FIA gives Ferrari all-clear after Imola F1 tyre test probe

As revealed earlier, the FIA has been in discussion with Ferrari regarding the team running different specifications of floors at the post-Emilia Romagna Grand Prix Pirelli test for 2023 developments.

Charles Leclerc had been spotted running an older specification of floor on the morning of Ferrari's test day, before Carlos Sainz took over the car in the afternoon.

But rival teams were intrigued about why Sainz was spotted running with a different floor – which could have been in contravention of the rules.

F1's tyre test rules state: "Cars at these tests must only use components of a specification that have been used in at least one (1) race or TCC [testing of current cars] during the current Championship year. These cars must fully comply with the provisions of the Technical Regulations."

It adds: "No test parts, component changes or set-up changes will be permitted which give any sort of information to the Competitor that is unrelated to the tyre test.

"Mechanical set-up changes, driver control changes and component changes are permitted if agreed in advance with the tyre supplier that they are necessary for the correct evaluation of the tyres or to complete the tyre test."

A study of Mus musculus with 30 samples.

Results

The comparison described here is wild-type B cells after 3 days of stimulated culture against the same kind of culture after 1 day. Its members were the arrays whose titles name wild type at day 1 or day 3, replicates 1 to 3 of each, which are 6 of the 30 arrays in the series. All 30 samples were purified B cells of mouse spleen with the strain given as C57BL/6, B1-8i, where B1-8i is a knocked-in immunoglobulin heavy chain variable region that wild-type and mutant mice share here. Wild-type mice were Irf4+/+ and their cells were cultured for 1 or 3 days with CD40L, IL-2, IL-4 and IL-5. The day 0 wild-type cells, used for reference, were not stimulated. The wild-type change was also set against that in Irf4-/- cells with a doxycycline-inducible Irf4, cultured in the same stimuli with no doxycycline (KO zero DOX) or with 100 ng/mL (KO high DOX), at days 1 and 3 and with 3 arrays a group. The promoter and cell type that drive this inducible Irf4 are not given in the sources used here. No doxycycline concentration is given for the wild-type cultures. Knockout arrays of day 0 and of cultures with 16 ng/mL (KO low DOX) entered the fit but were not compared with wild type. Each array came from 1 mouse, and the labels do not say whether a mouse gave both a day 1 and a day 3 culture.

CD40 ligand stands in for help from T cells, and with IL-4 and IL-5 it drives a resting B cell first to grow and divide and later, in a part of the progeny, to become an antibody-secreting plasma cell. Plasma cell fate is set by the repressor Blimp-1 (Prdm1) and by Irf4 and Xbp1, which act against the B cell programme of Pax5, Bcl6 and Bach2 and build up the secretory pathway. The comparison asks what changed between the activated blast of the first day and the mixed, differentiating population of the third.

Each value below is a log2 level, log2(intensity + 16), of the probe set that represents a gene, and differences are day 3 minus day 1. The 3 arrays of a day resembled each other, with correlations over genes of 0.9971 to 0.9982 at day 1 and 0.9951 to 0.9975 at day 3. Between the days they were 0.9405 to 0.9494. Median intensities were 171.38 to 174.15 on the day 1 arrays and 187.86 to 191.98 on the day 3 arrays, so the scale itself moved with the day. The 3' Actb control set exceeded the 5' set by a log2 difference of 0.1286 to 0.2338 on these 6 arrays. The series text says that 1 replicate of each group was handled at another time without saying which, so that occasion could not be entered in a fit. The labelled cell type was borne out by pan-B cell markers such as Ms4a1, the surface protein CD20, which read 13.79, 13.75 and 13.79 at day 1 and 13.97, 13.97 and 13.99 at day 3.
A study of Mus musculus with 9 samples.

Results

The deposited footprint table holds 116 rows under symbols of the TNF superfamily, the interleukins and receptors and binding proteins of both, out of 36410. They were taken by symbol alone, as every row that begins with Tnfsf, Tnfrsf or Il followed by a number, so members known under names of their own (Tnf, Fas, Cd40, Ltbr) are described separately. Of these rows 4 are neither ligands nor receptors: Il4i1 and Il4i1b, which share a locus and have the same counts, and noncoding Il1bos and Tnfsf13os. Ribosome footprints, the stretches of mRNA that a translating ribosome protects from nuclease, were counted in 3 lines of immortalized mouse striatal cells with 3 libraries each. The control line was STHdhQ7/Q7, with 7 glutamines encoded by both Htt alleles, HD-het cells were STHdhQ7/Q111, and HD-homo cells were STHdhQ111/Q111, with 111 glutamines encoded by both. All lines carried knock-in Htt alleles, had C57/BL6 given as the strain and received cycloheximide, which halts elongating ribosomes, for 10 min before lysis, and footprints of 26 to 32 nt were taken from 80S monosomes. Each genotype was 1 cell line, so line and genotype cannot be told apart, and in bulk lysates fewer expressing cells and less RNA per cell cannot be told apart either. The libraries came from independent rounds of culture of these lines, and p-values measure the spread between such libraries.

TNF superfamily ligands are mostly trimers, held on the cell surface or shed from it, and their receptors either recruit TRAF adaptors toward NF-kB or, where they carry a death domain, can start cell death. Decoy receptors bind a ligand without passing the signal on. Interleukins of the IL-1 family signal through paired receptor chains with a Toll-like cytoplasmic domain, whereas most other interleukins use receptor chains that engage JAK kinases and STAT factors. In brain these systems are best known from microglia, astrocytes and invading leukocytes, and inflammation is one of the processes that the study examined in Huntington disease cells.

Charles Leclerc, Ferrari F1-75 (Photo by: Davide Cavazza)

The floor used by Sainz appeared to be an updated version that includes an under-floor strake that teams are evaluating to help cure porpoising, so questions were asked about whether or not this had run before.

The situation prompted at least two teams to ask the FIA for clarification about the situation, and whether or not Ferrari had done anything in contravention of the rules.

Following dialogue between the FIA and Ferrari over the Miami weekend to check on the components that were run, it is understood the investigation has been concluded with the governing body satisfied the rules were followed.

While there is no official statement on the matter, it is understood that Ferrari's change of floor for the afternoon of running was prompted by damage inflicted in the morning session.

The FIA was satisfied that the floor that was fitted to Sainz's car for the afternoon was actually an older specification that had been run earlier in the year – so was in compliance with the rules.